Choose the correct option for each gap below.
no, any, none – grammar chart
no/any + noun
We use no + noun in sentenes with a positive verb, and we use any + noun in negatives and questions. No= not a or not any
- I have no friends.
- I don’t have any friends.
- Do you have any friends?
any without noun
We can also use any as a pronoun, i.e. not followed by a noun.
- ‘Is there any milk left?’ ‘No, there isn’t any.’
any in affirmative sentences
We can also use any in affirmative sentences when it means ‘one or some, but it is not important which’.
- You can come any weekend. (=one weekend; it doesn’t matter which)
- Any idiot would know how to use this phone.
We use none as a pronoun, i.e. not followed by a noun. We use none to replace countable or uncountable nouns.
- ‘How many friends do you have?’ ‘None.’
- I thought there was some coffee, but there’s none.’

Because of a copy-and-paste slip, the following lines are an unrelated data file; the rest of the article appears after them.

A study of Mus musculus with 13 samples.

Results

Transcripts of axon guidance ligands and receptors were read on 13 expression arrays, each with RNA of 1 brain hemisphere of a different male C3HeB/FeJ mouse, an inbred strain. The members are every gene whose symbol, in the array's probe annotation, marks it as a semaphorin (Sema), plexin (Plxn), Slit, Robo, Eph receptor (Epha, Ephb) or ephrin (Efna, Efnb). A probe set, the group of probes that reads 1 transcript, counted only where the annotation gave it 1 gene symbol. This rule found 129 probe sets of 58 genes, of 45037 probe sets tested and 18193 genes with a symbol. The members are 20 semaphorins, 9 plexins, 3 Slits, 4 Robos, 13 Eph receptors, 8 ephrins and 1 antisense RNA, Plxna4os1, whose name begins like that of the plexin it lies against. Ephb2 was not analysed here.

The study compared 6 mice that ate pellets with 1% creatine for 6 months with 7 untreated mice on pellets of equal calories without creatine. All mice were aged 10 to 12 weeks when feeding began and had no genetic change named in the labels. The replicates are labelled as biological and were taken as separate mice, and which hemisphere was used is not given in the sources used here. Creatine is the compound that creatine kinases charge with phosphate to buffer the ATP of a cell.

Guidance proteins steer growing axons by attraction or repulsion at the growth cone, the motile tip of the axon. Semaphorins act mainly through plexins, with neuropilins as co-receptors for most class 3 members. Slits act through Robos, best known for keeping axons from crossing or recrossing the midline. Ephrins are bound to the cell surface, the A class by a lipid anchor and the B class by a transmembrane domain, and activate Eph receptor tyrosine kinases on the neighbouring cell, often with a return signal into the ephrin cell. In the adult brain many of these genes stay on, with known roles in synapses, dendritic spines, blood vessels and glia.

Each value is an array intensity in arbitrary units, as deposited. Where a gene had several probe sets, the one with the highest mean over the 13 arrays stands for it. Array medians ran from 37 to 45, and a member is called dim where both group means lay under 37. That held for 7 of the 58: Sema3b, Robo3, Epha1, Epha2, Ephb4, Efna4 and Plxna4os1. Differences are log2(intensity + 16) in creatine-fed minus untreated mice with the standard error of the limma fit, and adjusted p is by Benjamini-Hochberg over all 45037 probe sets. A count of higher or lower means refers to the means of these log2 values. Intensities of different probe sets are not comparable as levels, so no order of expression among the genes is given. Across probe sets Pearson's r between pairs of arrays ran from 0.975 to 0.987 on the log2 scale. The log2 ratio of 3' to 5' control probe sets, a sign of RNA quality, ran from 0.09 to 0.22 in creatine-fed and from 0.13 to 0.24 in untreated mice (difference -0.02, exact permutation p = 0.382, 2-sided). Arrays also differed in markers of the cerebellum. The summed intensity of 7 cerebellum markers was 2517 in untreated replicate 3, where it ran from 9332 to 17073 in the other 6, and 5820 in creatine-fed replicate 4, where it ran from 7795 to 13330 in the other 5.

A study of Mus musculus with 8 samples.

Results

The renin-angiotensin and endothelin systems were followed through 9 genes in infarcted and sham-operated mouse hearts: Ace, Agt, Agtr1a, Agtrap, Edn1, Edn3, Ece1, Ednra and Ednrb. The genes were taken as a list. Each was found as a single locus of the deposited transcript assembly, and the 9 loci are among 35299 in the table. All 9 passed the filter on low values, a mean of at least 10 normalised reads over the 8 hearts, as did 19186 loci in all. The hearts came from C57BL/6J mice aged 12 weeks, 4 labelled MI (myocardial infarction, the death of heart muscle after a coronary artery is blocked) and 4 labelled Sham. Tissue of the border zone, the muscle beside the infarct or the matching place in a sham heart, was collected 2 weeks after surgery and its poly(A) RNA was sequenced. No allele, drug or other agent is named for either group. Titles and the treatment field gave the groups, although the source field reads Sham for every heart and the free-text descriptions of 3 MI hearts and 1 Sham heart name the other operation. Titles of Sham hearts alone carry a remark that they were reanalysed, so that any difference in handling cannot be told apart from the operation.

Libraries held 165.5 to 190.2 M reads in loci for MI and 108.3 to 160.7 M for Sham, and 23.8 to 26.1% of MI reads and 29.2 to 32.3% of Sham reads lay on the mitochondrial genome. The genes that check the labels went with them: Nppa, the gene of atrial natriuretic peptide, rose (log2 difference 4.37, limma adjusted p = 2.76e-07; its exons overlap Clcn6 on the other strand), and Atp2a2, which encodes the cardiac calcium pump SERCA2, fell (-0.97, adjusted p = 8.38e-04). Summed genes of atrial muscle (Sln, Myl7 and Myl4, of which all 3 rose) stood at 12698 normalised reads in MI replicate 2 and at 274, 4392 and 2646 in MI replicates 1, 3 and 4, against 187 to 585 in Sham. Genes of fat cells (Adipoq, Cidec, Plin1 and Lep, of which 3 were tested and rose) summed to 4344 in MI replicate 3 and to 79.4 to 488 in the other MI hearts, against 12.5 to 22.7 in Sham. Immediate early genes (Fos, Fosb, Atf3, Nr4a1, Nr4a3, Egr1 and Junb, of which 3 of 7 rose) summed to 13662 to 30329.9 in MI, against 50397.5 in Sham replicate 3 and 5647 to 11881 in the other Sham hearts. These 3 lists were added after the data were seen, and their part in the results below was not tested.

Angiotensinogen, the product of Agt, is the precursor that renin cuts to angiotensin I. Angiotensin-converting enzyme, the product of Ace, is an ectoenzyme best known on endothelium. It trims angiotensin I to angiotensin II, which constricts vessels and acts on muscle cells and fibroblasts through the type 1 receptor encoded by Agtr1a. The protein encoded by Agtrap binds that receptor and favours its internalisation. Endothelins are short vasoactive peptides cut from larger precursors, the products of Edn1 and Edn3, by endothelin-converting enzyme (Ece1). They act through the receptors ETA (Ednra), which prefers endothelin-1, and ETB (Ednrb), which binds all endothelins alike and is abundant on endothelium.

We can also use none of the/my/Tom’s/etc. + noun or none of + us/you/them.
- None of my students is/are from France.
- None of them is/are from France.
Note that when None of … is the subject of a sentence, we can use the verb in singular (more formal) or plural form (more informal).
nothing/anything, nobody/anybody, nowhere/anywhere
We use nothing, nobody, nowhere with positive verbs and anything, anybody, anywhere in negative sentences and questions. Nothing, nobody, nowhere = not anything, not anybody, not anywhere
- There’s nothing that we can do. (=There isn’t anything that we can do.)
- Have you seen John anywhere?
- We saw nobody. (=We didn’t see anybody)
- Nothing happened.
anything, anybody, anywhere in affirmative sentences
We can use anything/anybody/anywhere in affirmative sentences to mean ‘it doesn’t matter what/who/where.’
- We can do anything. (=it doesn’t matter what.)
- Anybody in the school could help us. (=it doesn’t matter who.)
- We can go anywhere. (=it doesn’t matter where.)